Franklin-Christoph Model 29 Bellus
This is a classy pen, probably more suited to formal dress than the jeans and polo shirt that I'm wearing right now. I first saw this on one of the many tea and fountain pen blogs and it was love at first sight. I have a soft spot for anything Art Deco, especially those that are modernized on Art Deco. I think this fits a particular niche of that look, a very slightly industrial Art Deco.
This pen is gorgeous. Everything about it is top notch, machined and polished. I’ll try to highlight the looks without describing everything in the pictures here. The nib is pretty, although my biggest gripe with the pen is that the F-C logo on the nib looks a bit cheap. It looks like F-C phoned that logo in from wherever they buy their nibs. It's not bad, but it's the weakest point of the pen in my opinion. Also, the nib is a bit on the smaller side, but it’s not bad or mis-fitting.
Back to the good: the pocket clip has a direct line to my taste in design. It is 90% function-as-form design, 10% swept lines and pure form Since the metal clip is a separate cast piece of metal held at the fulcrum, it does not need to curve into the cap or connect to the cap on its own like most clips. This allows the clip to visually be its own piece at both ends.
And the best part: the cap closure. This cap is held in place by a strong magnet. There's a rotational cam mechanism around both the metal barrel end and the section allow the cap to pop off easily, but still hold tight when fully capped. The feel of the cap slipping back onto either end is wonderful, aided by the hefty mass of the pen.
Oh yeah, the weight of the pen. This is not small or light. The pen is a bit narrower than a 146, but as long or a hair longer. For me (small hands) this is perfect. One issue is that the cap is about 42% of the entire weight of the pen, and when posted, begins to fatigue my hand in about 5 minutes. This pen is clearly designed for writing un-posted, and is weighted perfectly for that. The barrel and section is plenty long enough for me to be comfortable without posting.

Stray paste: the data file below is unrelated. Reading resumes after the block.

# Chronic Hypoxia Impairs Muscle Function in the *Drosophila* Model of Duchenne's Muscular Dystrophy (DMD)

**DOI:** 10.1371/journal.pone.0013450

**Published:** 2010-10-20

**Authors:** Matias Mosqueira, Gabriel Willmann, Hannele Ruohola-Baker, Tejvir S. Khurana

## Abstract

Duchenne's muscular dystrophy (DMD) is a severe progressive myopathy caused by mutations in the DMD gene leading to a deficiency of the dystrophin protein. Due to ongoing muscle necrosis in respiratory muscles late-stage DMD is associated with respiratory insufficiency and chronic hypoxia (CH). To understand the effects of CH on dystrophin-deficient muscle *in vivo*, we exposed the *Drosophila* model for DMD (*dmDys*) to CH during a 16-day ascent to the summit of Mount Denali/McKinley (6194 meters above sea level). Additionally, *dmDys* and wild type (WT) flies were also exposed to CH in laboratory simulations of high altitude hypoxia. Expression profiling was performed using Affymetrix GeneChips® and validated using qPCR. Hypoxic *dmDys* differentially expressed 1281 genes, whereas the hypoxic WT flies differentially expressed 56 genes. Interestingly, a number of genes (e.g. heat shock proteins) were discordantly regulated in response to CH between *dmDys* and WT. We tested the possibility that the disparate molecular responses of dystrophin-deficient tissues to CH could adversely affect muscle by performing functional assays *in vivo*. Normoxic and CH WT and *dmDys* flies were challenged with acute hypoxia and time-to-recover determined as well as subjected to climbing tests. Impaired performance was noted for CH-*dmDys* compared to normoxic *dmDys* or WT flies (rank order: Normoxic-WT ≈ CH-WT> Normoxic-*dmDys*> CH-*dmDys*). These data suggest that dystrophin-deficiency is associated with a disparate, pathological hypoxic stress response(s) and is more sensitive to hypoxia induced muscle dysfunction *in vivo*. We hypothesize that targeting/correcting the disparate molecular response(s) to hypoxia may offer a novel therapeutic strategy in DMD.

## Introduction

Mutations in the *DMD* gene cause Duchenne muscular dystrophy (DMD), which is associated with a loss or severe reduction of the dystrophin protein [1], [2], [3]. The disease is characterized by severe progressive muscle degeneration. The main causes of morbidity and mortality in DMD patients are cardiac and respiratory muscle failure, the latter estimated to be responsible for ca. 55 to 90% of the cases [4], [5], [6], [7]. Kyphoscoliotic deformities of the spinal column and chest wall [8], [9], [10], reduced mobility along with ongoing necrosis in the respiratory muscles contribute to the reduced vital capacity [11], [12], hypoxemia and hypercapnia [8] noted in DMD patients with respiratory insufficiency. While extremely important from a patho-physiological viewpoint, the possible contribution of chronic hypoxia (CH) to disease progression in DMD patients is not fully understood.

As said, this is pen is too heavy to write posted for long, and that lack of fully flexible nibs isn't quite ideal. That said, nearly everything else is positive. I ordered my pen with a steel medium stub nib, and it is one of the most buttery smooth nibs I've ever written with. There's just a hint of line variation in the writing, which is exactly what I was aiming for; something that I could use every day and would look good, but wouldn't look like I was using a calligraphy pen. There's also a little bit of flex in the nib, although the edges of the specialty nib grinding do not allow for much flexing without getting a bunch of tooth.
I will say, the writing “foot” of this nib is ground and polished very nicely, but the custom grinding work is quite visible. It does leave a bit of a scratch if you’re even a little off. My nib is also ground on a slight angle and with a curve at the end (so that the nib isn’t writing with its full width since the right side is pulled away from the paper slightly). I guess a picture here would be best, so I’ll have to try and grab a macro with my phone when I get back home and see what you guys think. Overall, I hate to complain because it’s one of my favorite pens to write with.
And then there's the filling mechanism... yes, this is a cartridge/converter pen. I will continue to defend these fillers due to their flexibility. Ink capacity will not be great, but I can always keep a standard international cartridge around in case.
I've written with a 146, 145, and Starwalker at the MontBlanc boutique, and I'm much more impressed with this. At $100, there may be some other choices, but the fact that this can fairly compare with pens 3 to 5 times its price is awesome. Also, these pens are made/assembled about 3 hours from my house, near my Alma Matter, so I feel a connection and like that I'm supporting a small local company over a big German pen maker. Honestly, I don't know how these aren't more popular already. Based on the value and writing experience of this pen, I absolutely plan to get the Model 25 and maybe even the 19 in the foreseeable (though not immediate) future.